The G20 heads of state issued a final communiqué, echoing the themes of Investment, Inclusiveness, and Implementation. The narrative of inclusiveness is underpinned by several concrete achievements and commitments, including in the areas of youth employment, skills and job quality. In particular, the leaders set a concrete target to decrease the number of youth in the labour market most at risk of being permanently left behind in the labour market by 15% by 2025 in G20 countries. The leaders also endorsed the G20 Quality Job Framework and the G20 Skills Strategy, both of which were elaborated with substantial contributions from the OECD.
The Turkish Presidency made strong efforts to include the perspective of Low Income Developing Countries (LIDCs) and an overall theme of development throughout the G20 work streams. This is evidenced in the communiqué by: the strong commitment by G20 Leaders to implement the Agenda 2030; the endorsement of the G20 Action Plan on Food Security and Sustainable Food Systems, the G20 Leaders’ Call on Inclusive Business and the G20 National Remittance Plans. The OECD supported all of the various strands of G20 work on development, including the crafting of a Multi-Year Framework for Policy Coherence and Coordination on Human Resource Development, as well as G20 work on private investment in infrastructure in developing countries.
In the realm of taxation, a major outcome of the Summit was the Leaders’ endorsement of the 15 Actions under the G20/OECD Base Erosion and Profit-Shifting (BEPS) Project. This initiative is a step towards a more transparent, effective and fairer international tax architecture. The move towards Automatic Exchange of Information was also reaffirmed by leaders, effective 2018 at the latest.
In continuation of the target to raise collective G20 GDP by an additional 2 percent by 2018 announced last year in Brisbane, the leaders issued the Antalya Action Plan and the G20 Country Investment Strategies. The OECD was critical in the definition of the G20 Country Investment Strategies, and analysed that these strategies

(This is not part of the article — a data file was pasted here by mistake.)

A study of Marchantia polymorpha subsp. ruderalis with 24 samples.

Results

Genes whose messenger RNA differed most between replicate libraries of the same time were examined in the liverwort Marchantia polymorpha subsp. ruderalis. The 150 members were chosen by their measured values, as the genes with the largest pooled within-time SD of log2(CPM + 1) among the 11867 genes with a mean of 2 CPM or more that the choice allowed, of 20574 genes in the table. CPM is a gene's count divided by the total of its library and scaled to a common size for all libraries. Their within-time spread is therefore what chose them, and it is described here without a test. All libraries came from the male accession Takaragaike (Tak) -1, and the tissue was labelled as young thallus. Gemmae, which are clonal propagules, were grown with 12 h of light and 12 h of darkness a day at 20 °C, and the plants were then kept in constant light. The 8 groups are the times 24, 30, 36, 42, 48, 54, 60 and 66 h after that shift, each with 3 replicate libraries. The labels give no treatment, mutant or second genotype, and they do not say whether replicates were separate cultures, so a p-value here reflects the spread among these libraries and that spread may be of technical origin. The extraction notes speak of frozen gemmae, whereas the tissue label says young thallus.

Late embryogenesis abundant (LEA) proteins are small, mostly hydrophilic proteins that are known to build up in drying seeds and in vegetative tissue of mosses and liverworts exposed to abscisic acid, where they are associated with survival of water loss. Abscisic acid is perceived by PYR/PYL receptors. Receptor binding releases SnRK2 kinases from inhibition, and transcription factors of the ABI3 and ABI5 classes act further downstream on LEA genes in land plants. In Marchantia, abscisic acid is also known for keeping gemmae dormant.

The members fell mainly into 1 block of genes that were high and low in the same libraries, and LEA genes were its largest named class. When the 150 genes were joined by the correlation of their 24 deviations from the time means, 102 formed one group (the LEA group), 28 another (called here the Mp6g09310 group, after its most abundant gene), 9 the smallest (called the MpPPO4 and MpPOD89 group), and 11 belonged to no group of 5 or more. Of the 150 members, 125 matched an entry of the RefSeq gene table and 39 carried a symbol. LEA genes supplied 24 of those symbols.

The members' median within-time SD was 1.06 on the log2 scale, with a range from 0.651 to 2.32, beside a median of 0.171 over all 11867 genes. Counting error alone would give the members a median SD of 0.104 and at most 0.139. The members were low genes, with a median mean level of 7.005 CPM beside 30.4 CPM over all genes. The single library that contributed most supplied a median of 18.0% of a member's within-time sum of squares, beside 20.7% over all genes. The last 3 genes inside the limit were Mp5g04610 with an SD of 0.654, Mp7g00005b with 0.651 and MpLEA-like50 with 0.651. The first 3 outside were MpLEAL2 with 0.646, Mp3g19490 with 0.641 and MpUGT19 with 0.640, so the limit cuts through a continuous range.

“would contribute to lifting the aggregate G20 investment to GDP ratio by an estimated 1 percentage point by 2018,” as referenced in the Leaders’ Communique. The OECD also crafted the WBG/ OECD Project Checklist for Private-Public Partnerships (PPPs) as an instrument for developing countries to finance infrastructure projects, referenced in the Antalya Action Plan.
The G20 also devoted time to SME development, and the participation of SMEs and low income countries in the global economy. To further this aim, the OECD provided analysis on improving the integration of both small businesses and developing countries into global value chains and drew up the G20/OECD High Level Principles on SME financing and the G20/OECD Principles of Corporate Governance. These two sets of principles were respectively welcomed and endorsed by the Leaders.
Finally, the G20 leaders reaffirmed the goal to keep temperature rise below 2°C as stated in the Lima Call for Action and conveyed their determination to work together for a positive outcome of the COP 21 in Paris this year. Renewable energy investment was a key issue during the discussion, due to its importance in improving energy access and addressing climate change. Leaders reiterated their commitment to phase-out fossil fuel subsidies within the “medium-term,” however more specific commitments were not agreed.